Saturday, August 06, 2005

After spending months searching for this book 'Simulacra & Simulations', I finally managed to 'get hold of it'. Yeah! It IS a book; I can read it; I can even bookmark the pages. But is it really a 'book'? Can I touch it? No! Because after much of a search, what I got was an E-book- a simulation of the actual book!

' simulate 1 a pretend to have or feel( an attribute or feeling). b pretend to be. 2 imitate or counterfeit.'

This is how The Oxford Dictionary defines the word 'simulation'. Everyone is of the idea that to simulate is to feign to have what one hasn't.But the matter is more complicated, since to simulate is not simply to feign. In his book 'Simulacra & Simulations', Jean Baudrillard says that the words 'feign' and 'simulate' have a thin strand of difference between them.
"Someone who feigns an illness can simply go to bed and make believe he is ill. Someone who simulates an illness produces in himself some of the symptoms", he argues. This kindles an interest to know more about this book.

'Simulacra & Simulations' is a French book written by Jean Baudrillard, translated in English by Sheila Faria Glaser and made famous by movies like 'The Matrix'. The book covers many topics like Nihilism, psychoanalysis, politics, world wars etc. with respect to 'Simulacrum'. One of the most interesting areas of the book is where the author knowingly or unknowingly explains Chaos theory.(Look out for articles on Chaos theory in the months to come.)
The essence of chaos theory, known as sensitive dependence on initial conditions, states that just a small change in the initial conditions can drastically change the long-term behavior of a system. This is exactly what Jean Baudrillard says in his book. He states there there is nothing called 'A perfect simulation'.For eg. Go and simulate a theft in a large department store. How do you convince the security guards that it is a simulated theft? There is no "objective" difference: the same gestures and the same signs exist as for a real theft; in fact the signs incline neither to one side nor the other. As far as the established order is concerned, they are always of the order of the real.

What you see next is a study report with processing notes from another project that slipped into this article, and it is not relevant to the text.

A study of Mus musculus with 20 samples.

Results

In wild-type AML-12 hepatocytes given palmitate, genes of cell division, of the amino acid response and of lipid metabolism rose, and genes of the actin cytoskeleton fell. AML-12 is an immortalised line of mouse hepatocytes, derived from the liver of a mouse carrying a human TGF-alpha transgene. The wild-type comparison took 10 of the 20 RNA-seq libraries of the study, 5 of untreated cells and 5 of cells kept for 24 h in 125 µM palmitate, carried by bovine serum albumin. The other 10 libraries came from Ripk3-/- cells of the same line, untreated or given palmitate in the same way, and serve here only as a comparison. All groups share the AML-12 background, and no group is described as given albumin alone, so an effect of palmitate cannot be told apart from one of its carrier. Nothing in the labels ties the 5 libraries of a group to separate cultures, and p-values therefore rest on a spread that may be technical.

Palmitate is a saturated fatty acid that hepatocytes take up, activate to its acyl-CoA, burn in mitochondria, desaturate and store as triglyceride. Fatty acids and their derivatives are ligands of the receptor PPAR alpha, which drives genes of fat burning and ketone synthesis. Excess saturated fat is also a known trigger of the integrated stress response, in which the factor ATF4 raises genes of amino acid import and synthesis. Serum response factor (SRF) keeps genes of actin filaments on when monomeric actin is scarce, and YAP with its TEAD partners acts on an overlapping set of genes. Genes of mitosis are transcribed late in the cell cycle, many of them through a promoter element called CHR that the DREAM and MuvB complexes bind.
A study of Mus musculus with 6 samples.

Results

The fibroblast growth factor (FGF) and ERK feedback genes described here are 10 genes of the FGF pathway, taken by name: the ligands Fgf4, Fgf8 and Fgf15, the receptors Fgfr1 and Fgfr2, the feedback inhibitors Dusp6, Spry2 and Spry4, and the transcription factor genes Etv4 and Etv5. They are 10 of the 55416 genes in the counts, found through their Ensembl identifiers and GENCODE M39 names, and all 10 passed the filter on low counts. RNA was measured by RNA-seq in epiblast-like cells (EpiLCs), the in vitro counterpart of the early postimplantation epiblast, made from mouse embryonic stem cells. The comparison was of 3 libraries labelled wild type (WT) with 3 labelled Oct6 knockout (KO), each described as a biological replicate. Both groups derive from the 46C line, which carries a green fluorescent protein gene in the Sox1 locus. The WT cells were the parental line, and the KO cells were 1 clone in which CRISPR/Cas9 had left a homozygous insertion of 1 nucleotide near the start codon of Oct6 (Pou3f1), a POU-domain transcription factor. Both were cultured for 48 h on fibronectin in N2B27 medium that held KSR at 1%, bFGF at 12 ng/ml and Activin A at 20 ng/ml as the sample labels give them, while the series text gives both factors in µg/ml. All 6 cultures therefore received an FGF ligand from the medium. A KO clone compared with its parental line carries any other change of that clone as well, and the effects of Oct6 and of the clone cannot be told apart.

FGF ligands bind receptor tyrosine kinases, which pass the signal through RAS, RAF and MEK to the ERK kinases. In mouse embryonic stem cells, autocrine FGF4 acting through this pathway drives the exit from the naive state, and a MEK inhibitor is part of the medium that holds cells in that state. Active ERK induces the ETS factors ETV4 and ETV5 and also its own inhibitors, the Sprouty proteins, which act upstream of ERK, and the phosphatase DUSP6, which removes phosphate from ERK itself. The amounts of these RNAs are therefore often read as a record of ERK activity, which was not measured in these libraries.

Go and organise a fake hold-up. Be sure to check that your weapons are harmless, and take the most trustworthy hostage, so that no life is in danger (otherwise you risk committing an offence). Demand ransom, and arrange it so that the operation creates the greatest commotion possible - in brief, stay close to the "truth", so as to test the reaction of the apparatus to a perfect simulation. But you won't succeed: the web of artificial signs will be inextricably mixed up with real elements (a police officer will really shoot on sight; a bank customer will faint and die of a heart attack; they will really turn the phoney ransom over to you) - in brief, you will unwittingly find yourself immediately in the real, one of whose functions is precisely to devour every attempt at simulation, to reduce everything to some reality - that's exactly how the established order is, well before institutions and justice come into play.

This is just a drop in the ocean of this book. It seems complicated, but then, it talks about reality and simulations in everyday life. Since life itself is complicated, there is nothing wrong in this book being complicated. But on completing the book, one is sure to experience a revelation.

" Unfortunately, some things can't be explained. You'll have to feel it for yourself."